About the middle of October, 1920, I received word from brigade headquarters to select ten or twelve men from my battalion, each of whom was to be armed with a revolver, for the purpose of raiding the R.I.C. barracks in Ruan. This operation was planned by the brigade staff, and Ruan is about twelve miles, as the crow flies, from Kilfenora. The following are the names, which I can remember, of those whom I selected: -
|Sean McNamara||- Noughaval Company|
|Nicholas Healy||- "|
|Paddy Devitt||- "|
|Tom Shalloo||- Vice Commandant|
|James Kelleher||- Cloona Company|
|Peadar Considine||- Battalion Quartermaster|
|Paddy Hehir||- Kilshanny Company|
|Mickey Vaughan||- Kilfenora Company|
|Paddy Ward||- "|
A few nights after hearing from the brigade, I took a party to Kilnaboy where a scout joined us and led the way across country to Ruan which we reached about half-past four next morning. Outside Ruan, we met Joe Barrett, brigade O/C operation, who explained that there had been a change in plans and that we would not be going into the barracks, but instead we would do outpost duty a quarter of a mile outside the village of Ruan on the Corofin road, to deal with any enemy reinforcements that might come from the R.I.C. barracks in Corofin, about three miles away. Barrett then asked for the revolvers which we were carrying and gave us rifles instead. He told us too, that, for the previous couple of days, he had been training men from the 1st and 2nd battalions in mock attacks in which each man was put through the part he would be called on to take in capturing the Ruan barracks. We then went on to the position which had been allotted to us.
So far as my party was concerned, nothing happened until after daybreak when a scout came from the direction of the barracks and told us the operation was a failure. About five minutes later another scout arrived with the correct account. The barracks had been captured with all its equipment, and the garrison were prisoners. In a short while, we were called into the village where two of the police, Constables Wilmot and Carroll, were handed over to us, with orders to detain them in my battalion area until further instructions were received. Taking the two prisoners, we made our journey homewards without incident, having got a much needed feed on the way at OBriens, Caherlough. The two prisoners were sent on to Diffleys cottage in Carron where the local company provided a guard over them.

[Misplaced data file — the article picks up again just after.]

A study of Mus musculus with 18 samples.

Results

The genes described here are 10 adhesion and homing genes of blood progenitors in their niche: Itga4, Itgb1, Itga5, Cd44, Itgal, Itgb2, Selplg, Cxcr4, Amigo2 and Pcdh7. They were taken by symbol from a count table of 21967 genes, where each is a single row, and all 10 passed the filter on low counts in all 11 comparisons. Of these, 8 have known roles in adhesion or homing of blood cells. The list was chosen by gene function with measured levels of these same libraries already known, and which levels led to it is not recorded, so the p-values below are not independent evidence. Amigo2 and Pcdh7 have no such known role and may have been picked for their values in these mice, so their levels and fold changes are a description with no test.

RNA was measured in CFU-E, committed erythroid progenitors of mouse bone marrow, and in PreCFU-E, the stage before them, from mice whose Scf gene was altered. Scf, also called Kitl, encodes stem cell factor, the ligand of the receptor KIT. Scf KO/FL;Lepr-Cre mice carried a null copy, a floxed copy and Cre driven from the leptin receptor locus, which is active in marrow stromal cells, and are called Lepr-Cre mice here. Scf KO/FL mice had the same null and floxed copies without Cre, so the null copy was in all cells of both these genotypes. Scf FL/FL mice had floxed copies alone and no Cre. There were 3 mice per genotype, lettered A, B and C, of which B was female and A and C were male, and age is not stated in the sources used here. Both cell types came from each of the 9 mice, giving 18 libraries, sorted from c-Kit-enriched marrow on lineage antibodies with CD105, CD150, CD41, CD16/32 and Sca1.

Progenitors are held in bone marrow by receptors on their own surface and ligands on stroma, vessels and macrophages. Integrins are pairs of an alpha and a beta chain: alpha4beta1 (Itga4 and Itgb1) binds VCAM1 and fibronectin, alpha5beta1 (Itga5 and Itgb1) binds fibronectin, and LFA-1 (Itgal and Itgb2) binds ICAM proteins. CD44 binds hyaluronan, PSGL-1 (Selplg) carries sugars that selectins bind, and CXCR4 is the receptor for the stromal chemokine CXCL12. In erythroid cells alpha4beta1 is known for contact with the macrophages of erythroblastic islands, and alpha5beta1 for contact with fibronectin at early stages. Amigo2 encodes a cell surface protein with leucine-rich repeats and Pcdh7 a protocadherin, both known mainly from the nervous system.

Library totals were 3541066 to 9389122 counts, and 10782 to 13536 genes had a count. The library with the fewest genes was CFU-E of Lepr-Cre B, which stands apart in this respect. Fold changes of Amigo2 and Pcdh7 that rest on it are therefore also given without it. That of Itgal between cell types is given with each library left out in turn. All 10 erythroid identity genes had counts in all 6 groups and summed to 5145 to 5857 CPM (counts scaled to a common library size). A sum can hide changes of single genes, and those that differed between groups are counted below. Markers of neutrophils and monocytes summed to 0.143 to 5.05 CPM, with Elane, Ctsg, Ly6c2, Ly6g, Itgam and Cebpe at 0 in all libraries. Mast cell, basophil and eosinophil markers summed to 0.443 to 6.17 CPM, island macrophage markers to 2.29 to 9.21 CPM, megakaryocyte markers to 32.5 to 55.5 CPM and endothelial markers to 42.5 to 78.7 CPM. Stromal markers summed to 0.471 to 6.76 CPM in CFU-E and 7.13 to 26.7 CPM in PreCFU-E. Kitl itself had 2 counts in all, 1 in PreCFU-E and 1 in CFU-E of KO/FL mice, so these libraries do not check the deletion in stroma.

I forgot to mention that a char-a-banc to take away the booty from the Ruan barracks was provided by Dwyers of Lisdoonvarna. This vehicle was driven by Mick Delahunty, a Tipperary man who was then employed in Dwyers. I can give no exact figures as to what comprised the booty but as far as I can remember hearing it included 14 rifles, 14 revolvers, several thousand rounds of ammunition, hand grenades and all the policemans bicycles. The R.I.C. barracks was burned to the ground.
Three nights after the taking of Ruan barracks, John Joe Clohessy, then attached to the brigade staff, came to me with orders to release Constable Wilmot. I cycled with him to Diffleys in Carron and set this prisoner at liberty. The other prisoner's detention was only a sham. He, Constable Carroll was the man who had planned and arranged the capture of the barracks and it was pre-arranged that as soon as this was accomplished he would join the I.R.A. and go into active service with our battalion. Subsequently he fought in a number of engagements with the Mid-Clare brigade.